Wednesday, 13 November 2019

A Tibetan Girl from India

Within the project #StatelessJourneys supported by the European Network on Statelessness, we talked to a Tibetan girl from India:

"I was born in the city of Dharamshala in India where I have lived all my life with my parents and my sister and brother. We are originally from Tibet. My parents fled from Tibet to India when they were young. There is a large Tibetan community in Dharamshala and our government in exile is situated there. We do not have Indian citizenship. We only have an identity certificate that we call a yellow book. We also hold a Tibetan green book that is issued by the Central Tibetan Administration. That document, the green book, is like a passport, but we cannot travel with it and it is not useful outside of our community. We do not have any other documents and we have never tried to obtain Indian citizenship. 

My life in the city was peaceful. Our community is very strong, and I had everything that I needed in Dharamshala. I did not go outside of the city often. My father is a Tibetan language teacher and my mother is a housewife. I finished high school and wanted to find a decent job, but it was not possible. Since I am Tibetan, I am not allowed to work in any government service of India, and it would be difficult for me to find a job outside of Dharamshala.

When I decided to flee from India, my parents supported me. My father bought a false passport for me. It was a Thai passport. From India I flew to Turkey. I was lucky not to get discovered by the border police. I stayed around 15 days in Istanbul, preparing for the next move. I knew that I would need to cross illegally other borders. Sometimes during the journey I travelled by car with other refugees, but most of the journey we walked. From Turkey, together with a group of refugees from different countries, I continued to Greece. We crossed the border unnoticed. I stayed in a smuggler’s house in Greece around one month. After Greece I went through Albania and Kosovo and in a couple of days I ended up in Serbia. But I do not plan to stay long here. I will continue my journey in two or three days. 

Once we entered Serbia, in the small town Prokuplje, the police caught the group I was travelling with. They took us to the police station. The police officers did not speak English well, but we somehow managed to communicate. They took our fingerprints and photographed us. They asked me where I was from. I told them that I was Tibetan. They were confused. One of the police officers opened the Google maps on his phone and I guessed from his gestures that he wanted me to show my place, so I pointed to Purang in Tibet where my parents were born. They were looking at the map for a while. They also asked me about my age. I remembered that my smuggler had told me that it was always better to tell that you were underage if you wanted to get a better treatment. So I lied. The police gave me a document that was written in Serbian and I was not able to read it. Later I was told that I could request accommodation in a refugee reception centre in Serbia. When we left the police station, we continued towards Belgrade.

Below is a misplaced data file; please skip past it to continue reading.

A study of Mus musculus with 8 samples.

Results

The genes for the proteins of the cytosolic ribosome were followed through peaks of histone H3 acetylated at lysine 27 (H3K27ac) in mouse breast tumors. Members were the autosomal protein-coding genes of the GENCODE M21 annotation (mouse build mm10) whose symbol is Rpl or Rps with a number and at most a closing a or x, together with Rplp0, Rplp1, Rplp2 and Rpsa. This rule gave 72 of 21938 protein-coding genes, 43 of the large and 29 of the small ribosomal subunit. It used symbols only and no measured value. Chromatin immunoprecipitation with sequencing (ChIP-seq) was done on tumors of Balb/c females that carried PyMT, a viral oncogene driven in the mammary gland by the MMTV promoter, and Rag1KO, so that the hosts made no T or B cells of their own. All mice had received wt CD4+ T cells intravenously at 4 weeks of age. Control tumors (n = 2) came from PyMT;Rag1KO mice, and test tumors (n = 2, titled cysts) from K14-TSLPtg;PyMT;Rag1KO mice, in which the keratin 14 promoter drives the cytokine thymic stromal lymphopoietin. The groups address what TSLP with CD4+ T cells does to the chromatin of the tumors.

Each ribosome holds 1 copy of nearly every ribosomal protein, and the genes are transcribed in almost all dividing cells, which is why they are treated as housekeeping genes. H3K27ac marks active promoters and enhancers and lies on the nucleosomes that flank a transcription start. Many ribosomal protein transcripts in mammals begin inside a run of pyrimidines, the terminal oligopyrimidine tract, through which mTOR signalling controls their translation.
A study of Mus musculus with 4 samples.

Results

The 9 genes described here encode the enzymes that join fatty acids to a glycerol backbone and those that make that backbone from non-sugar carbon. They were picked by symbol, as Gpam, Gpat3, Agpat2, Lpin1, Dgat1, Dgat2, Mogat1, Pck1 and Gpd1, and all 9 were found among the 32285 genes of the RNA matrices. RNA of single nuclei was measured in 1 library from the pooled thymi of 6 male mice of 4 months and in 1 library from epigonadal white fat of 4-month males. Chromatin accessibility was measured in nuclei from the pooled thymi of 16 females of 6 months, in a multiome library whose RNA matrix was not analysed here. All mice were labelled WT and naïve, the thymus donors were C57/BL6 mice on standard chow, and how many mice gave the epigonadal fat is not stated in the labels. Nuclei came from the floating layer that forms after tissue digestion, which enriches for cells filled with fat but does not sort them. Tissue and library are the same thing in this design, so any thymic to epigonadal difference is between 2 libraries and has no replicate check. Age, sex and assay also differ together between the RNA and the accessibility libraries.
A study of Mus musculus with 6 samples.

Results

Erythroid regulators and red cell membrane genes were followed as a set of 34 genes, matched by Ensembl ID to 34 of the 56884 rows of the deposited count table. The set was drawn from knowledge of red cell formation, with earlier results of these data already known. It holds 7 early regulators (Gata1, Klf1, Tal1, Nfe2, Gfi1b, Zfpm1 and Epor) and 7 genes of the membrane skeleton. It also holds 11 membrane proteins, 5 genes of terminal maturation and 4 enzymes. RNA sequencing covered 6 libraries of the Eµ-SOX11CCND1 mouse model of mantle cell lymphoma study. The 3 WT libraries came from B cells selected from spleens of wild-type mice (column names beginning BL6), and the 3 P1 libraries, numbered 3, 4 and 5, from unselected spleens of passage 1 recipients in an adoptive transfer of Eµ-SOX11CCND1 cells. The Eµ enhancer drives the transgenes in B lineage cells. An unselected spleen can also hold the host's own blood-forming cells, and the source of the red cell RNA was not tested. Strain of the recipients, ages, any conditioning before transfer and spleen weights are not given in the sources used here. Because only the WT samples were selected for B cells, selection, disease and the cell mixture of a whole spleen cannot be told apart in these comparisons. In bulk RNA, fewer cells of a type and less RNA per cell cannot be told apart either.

In Belgrade, while I was sitting in a park where a lot of refugees gathered, I met someone from Praxis. She gave me the information about Serbia, the services I could get and explained the meaning of the police document that I had received after entering Serbia (it was a certificate on the expressed intention to seek asylum). That document contained my personal data and the information that I had Chinese nationality. With this document I can sleep legally in a hostel for two nights, which I am planning to do. 

I do not know exactly which border I will try to cross next. My aim is to reach Germany. I have a lot of friends there. I will get all the relevant information about legal residence in Germany from my friends and on Google. I left India to be able to do more with my life. I love music and I play the drums. I hope that in Germany I will reach my dream and play music."